7 November 2012 – Countries are attempting to balance global warming with the continued use of fossil fuels, by developing clean coal technologies, says energy expert GlobalData. While coal is the most commonly used source of energy for electricity generation globally, it is also the least clean energy source in the world, releasing a number of pollutants such as mercury, sulphur, nitrogen, and carbon dioxide (CO2) when burnt. The damage caused to human health and the environment by these pollutants has driven nations to demand cleaner power generation.
However, the rising population and high rate of industrialisation, especially in developing countries, is driving up the demand for electricity, and since coal is an economical source of power generation with abundant resources, it has remained a prominent energy source globally. Although the focus on renewable sources of energy is increasing, it has been difficult for a major shift towards alternative sources to take place, as generation using these sources is still too expensive and unreliable.
The term clean coal refers to the minimisation of carbon emissions and other pollutants from coal usage in power generation, with the aim of limiting these negative effects. Supercritical (SC), ultra-supercritical (USC), circulating fluidised bed (CFB) and integrated gasification combined cycle (IGCC) technologies are becoming more widely used for new build coal burning power plants. These technologies provide improved power generation output through increased efficiency and produce lower emissions in comparison to traditional subcritical technology. Between 2006 and 2010, around 295 GW of clean coal capacity, based on SC, USC, CFB and IGCC, was installed. Coal-fired capacity additions based on SC technology dominated clean coal capacity additions, with China driving the market, and India expected to follow suit in the future.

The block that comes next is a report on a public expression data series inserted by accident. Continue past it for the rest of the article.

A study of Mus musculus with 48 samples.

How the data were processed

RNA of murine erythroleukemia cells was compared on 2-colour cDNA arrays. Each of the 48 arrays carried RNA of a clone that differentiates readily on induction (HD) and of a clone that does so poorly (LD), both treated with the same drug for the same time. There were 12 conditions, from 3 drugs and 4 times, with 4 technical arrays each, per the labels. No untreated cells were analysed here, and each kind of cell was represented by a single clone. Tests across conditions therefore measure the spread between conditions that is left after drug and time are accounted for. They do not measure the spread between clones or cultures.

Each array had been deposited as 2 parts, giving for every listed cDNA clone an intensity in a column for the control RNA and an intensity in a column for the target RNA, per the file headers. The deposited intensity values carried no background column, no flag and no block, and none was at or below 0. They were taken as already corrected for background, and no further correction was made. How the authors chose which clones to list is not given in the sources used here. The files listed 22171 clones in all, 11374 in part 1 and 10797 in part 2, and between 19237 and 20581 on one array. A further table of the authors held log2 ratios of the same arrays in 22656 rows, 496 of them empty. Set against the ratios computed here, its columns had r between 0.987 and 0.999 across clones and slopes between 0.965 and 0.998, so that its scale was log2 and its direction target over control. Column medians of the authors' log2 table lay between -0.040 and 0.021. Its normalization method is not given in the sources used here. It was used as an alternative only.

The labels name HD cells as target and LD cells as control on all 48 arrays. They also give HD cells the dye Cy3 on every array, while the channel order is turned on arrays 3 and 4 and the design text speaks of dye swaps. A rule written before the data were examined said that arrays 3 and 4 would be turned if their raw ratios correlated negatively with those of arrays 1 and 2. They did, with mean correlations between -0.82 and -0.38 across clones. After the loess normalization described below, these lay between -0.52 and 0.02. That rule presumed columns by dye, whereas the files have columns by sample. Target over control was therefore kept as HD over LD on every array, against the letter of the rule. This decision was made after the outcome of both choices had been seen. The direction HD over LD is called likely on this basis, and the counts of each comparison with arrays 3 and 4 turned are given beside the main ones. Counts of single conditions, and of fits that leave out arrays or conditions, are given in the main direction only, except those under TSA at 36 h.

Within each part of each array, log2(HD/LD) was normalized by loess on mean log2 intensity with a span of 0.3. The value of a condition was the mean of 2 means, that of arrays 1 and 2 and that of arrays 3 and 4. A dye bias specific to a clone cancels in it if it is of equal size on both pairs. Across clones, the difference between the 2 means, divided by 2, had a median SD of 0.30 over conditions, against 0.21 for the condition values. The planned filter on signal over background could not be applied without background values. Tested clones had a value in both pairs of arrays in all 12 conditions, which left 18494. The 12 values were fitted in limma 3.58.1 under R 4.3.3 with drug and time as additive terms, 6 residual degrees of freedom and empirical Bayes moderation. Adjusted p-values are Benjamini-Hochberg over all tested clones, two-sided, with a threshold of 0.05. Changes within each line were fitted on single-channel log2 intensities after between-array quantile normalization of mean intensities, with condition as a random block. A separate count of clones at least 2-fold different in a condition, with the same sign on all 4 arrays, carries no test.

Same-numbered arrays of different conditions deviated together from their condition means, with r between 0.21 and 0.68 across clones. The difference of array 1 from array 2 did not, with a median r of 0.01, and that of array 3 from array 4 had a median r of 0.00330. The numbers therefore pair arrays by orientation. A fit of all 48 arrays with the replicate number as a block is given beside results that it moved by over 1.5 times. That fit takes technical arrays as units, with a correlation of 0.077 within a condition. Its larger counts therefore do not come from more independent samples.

China is thought to have accounted for 73% of global clean coal additions between 2006 and 2010, and the country is set to lead the global market in the future. A substantial amount of SC and USC capacity is expected to come online, supported by Chinese government mandates, while IGCC technology will also see substantial additions during 2012 to 2020.
The installed capacity of coal-fired power plants worldwide grew from 1,263 GW in 2005 to an estimated 1,700 GW in 2011, at a compound annual growth rate (CAGR) of 5.1%. In the future too, coal fired installed capacity will continue witnessing growth, though at a slower rate.